Having formed in 2006 more as an excuse to hang out with the (so-called) cool people in their hometown, the four Coathangers - Julia Kugel (aka Crook Kid Coathanger), Meredith Franco (Minnie Coathanger), Stephanie Luke (Rusty Coathanger) and Candice Jones (BeBe Coathanger)- may not have been the most proficient at tuning their instruments, but such minor inadequacies never stopped people like Kathleen Hanna from becoming the figurehead of a scene.
If their embryonic years were seen as something of an Atlanta in-joke - and to be fair, both Larceny & Old Lace's predecessors have their moments of inspired greatness, particularly 2009's Scramble, which at least altered many perceptions of those who had the band down as little more than an elaborately shambolic pisstake.
So, onto Larceny & Old Lace and it seems The Coathangers' world has turned full circle. Although on the surface this may seem a well-thought out extension of the post-punk polemic of bands like The Slits and the Au Pairs via the first wave of Riot Girl, there's an underlying sadness throughout Larceny & Old Lace that is difficult to ignore.
Poignantly inspired by the passing of both friends and family alike, Larceny & Old Lace is a concept record in the most pedantic sense. With all four band members taking lead vocals at various intervals, there's a sense that each and every one of 'Larceny & Old Lace's 11 songs hold a personal memoir for its writer. 'Jaybird' for example might sound like Crystal Stilts covering the B-52s (or vice versa), but as heartfelt tributes go, its _"Oh such a shame" refrain pretty much sums up the tragic circumstances surrounding its subject matter, the late Jay Reatard.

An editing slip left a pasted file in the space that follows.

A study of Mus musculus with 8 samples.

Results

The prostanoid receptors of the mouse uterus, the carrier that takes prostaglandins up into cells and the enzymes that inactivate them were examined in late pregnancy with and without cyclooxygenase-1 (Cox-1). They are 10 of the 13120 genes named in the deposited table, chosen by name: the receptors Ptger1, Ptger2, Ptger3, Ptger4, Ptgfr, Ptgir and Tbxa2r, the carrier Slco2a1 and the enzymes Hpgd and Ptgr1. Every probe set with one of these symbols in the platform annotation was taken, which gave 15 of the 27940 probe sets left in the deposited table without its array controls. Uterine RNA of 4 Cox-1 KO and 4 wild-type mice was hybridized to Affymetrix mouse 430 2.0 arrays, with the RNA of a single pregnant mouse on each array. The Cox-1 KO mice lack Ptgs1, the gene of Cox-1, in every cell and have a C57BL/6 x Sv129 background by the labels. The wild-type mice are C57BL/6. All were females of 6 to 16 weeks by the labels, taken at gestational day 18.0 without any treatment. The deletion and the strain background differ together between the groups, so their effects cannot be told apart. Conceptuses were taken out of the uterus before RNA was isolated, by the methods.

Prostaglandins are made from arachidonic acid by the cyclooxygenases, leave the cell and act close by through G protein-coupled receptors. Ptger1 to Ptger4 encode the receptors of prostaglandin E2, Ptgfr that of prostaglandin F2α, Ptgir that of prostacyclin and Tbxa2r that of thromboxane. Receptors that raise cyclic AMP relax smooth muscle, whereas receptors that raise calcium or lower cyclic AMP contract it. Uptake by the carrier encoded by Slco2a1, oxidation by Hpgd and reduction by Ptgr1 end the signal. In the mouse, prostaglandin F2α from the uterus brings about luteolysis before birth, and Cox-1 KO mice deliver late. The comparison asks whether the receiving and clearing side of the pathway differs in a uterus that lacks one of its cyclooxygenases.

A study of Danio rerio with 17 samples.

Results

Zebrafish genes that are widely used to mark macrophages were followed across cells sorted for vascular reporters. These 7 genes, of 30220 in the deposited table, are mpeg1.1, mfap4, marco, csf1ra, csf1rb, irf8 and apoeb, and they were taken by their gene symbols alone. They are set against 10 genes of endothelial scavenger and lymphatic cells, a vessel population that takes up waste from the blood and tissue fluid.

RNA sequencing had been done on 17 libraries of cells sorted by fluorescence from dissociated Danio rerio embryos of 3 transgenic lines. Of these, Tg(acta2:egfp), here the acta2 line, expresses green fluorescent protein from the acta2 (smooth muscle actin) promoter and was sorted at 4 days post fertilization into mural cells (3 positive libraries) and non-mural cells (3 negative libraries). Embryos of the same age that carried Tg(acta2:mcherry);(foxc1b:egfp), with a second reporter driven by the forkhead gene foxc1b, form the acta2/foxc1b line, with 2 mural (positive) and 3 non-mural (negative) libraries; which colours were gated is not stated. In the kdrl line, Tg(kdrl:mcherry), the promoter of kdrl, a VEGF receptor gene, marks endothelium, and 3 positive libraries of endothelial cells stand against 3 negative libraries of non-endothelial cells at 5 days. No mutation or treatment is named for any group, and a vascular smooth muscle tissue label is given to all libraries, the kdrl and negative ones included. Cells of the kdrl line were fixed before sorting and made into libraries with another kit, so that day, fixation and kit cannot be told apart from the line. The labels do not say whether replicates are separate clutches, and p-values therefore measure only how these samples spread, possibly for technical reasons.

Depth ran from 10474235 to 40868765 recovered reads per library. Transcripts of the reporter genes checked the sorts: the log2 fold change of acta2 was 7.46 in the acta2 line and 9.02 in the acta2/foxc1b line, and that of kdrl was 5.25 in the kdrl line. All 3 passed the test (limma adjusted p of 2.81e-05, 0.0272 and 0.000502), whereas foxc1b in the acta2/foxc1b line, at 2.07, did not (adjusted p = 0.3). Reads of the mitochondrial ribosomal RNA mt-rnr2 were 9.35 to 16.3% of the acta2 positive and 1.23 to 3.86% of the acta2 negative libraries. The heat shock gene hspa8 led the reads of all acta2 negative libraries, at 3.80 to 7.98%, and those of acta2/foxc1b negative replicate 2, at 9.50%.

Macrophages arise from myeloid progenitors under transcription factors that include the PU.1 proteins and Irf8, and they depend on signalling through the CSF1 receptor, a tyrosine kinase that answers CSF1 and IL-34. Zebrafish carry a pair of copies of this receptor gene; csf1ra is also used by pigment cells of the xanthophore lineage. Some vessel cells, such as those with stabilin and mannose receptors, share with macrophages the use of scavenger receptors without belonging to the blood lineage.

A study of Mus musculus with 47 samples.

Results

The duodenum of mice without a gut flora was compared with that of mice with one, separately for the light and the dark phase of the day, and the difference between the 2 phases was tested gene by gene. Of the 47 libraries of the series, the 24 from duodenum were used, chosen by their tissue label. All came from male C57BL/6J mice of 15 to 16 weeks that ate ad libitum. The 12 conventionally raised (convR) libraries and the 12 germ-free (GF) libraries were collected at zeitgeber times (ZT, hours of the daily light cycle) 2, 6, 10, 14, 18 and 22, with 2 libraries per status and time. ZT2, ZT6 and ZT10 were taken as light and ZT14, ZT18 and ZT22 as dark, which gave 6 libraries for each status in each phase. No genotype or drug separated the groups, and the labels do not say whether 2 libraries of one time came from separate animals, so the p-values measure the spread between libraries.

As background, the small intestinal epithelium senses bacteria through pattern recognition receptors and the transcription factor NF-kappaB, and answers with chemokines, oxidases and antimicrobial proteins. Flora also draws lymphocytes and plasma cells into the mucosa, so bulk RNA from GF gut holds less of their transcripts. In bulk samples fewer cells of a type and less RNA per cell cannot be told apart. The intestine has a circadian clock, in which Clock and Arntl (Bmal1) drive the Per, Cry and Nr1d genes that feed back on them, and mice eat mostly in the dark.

Elsewhere, 'Hurricane' takes The Runaways 'Cherry Bomb' and spits it out through The Slits' genre blender with forceful abandon. 'Trailer Park Boneyard' carves The Coathangers' name on the same hanging tree as Erase Errata or Mika Miko, its coarse rhythms and angular riffs perfectly complementing the four-way harmonies that cry "Why won't you set me free?" in unison.
Delve a little deeper and there's bubblegum odes to puppy love ('Go Away'), sombre bass heavy piledrivers ('Johnny'), blues-driven garage rock ('Well Alright') and even boisterous three-chord punkarama that wouldn't have sounded out of place years before any of the band were born ('Chicken: 30'). While the ground The Coathangers find themselves treading is well-worn, it's their approach and general unpretentious demeanour that makes them and Larceny & Old Lace a delightfully engaging collection, even if the underlying message bears a hallmark of sadness and loss.